The previous article looked at Saslauthd. Now let's concentrate on the SSL certificate we'll use for secure connections to our mail server.
The principles involved are the same ones we employed when setting up a secure website (HTTPS). The first step is the creation of a new SSL certificate.
Note that we will be creating a self signed certificate which will produce a warning from your mail client (Mail, Thunderbird, Outlook, etc).
However, it will be fine if you are the only user of the mail server. You will need to purchase a valid certificate if other people or clients are using it as well.
To generate the certificate we'll use the 'genkey' command. This command is part of the crypto-utils package and can be installed as follows:
sudo yum install crypto-utils
Now we can create the certificate key pair:
sudo genkey --days 3650 mail.demoslice.com
To ensure that our SSL certificate won't expire anytime soon, you can see that we used 3650 as the amount of days the certificate will remain valid.
An on screen prompt will appear which states where our finished key and certificate files will be stored.
Select the Next option and hit the ENTER/RETURN key to move to the next screen, where we will choose the key size. Let's stick with the default of 1024 bits of encryption.
After selecting next, we will see a loading screen while the key is being generating. Please note it may take some time before the key is fully generated.
We are not going to send a Certificate Signing Request (CSR) to a Certificate Authority (CA) so select No when asked.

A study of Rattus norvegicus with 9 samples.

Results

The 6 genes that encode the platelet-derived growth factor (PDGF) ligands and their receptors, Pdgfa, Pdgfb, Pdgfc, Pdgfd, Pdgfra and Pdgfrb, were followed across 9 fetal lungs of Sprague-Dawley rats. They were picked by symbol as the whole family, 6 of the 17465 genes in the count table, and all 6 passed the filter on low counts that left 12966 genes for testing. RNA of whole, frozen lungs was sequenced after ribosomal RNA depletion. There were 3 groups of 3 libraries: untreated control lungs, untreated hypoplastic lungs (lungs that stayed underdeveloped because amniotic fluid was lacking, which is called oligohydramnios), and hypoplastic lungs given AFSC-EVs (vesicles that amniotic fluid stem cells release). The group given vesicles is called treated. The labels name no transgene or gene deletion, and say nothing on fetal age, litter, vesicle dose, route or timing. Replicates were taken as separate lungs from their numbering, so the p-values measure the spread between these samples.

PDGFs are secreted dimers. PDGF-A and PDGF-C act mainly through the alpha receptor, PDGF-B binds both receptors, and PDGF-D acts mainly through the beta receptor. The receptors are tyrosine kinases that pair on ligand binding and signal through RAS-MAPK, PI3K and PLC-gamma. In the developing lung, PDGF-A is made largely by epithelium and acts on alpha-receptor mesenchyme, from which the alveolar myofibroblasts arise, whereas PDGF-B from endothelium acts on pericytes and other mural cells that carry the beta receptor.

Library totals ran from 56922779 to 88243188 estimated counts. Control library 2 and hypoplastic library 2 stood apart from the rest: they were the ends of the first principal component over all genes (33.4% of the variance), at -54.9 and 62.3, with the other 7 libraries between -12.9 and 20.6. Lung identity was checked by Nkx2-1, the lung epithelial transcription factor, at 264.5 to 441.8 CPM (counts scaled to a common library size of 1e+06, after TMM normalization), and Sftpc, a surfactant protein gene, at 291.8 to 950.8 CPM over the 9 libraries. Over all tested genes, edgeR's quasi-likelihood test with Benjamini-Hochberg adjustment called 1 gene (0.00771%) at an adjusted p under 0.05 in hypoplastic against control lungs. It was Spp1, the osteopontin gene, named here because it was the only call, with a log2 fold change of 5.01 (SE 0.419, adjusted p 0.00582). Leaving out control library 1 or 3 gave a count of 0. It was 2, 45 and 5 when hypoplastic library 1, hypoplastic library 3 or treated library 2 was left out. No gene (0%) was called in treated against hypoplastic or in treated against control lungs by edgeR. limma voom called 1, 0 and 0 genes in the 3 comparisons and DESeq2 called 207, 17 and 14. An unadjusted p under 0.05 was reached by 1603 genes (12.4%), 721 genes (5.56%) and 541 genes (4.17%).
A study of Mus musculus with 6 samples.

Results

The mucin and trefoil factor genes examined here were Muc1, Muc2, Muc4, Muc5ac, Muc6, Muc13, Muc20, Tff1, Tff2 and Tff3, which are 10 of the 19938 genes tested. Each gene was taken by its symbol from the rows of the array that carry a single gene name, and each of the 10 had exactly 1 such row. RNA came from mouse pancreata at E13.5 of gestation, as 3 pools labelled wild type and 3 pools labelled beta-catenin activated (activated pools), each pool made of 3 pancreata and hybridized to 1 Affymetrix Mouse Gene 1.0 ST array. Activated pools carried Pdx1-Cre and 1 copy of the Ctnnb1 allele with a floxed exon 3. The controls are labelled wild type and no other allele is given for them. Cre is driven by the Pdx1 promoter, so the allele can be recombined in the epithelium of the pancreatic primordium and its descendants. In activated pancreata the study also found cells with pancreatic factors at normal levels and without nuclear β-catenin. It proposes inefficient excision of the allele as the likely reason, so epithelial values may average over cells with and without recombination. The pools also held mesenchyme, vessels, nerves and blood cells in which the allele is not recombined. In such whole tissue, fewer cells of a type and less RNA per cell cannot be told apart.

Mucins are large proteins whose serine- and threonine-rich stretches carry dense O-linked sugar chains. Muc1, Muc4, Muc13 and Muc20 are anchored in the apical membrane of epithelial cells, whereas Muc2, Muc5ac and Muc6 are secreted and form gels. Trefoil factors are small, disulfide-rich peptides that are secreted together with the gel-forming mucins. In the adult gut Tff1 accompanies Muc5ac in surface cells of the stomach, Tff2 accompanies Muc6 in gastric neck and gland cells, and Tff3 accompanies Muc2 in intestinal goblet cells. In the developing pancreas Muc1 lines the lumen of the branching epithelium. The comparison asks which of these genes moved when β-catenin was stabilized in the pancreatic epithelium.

You will then be asked a series of questions needed to complete the details of the certificate.
My answers are as follows:
Note is is important the Hostname matches the mail server hostname. In this case it's mail.demoslice.com.
Finally, we have the option to encrypt your private key. We want to skip this section as setting a passphrase on our certificate will require us to enter this passphrase every time the mail server is restarted, which is not very practical.
The self-signed certificate key pair should now be found in the locations we noted earlier:
We will need these details when configuring Postfix for use with our secure connections.
Using secure connections is an important part of running a mail server. Creating a self-signed certificate is an easy process when combined with the genkey command, but it does produce a warning when used.
You will need to purchase a certificate if you plan to host other people's mail or have other people accessing the mail server.
The next article looks at configuring Postfix to utilize our certificate for secure connections.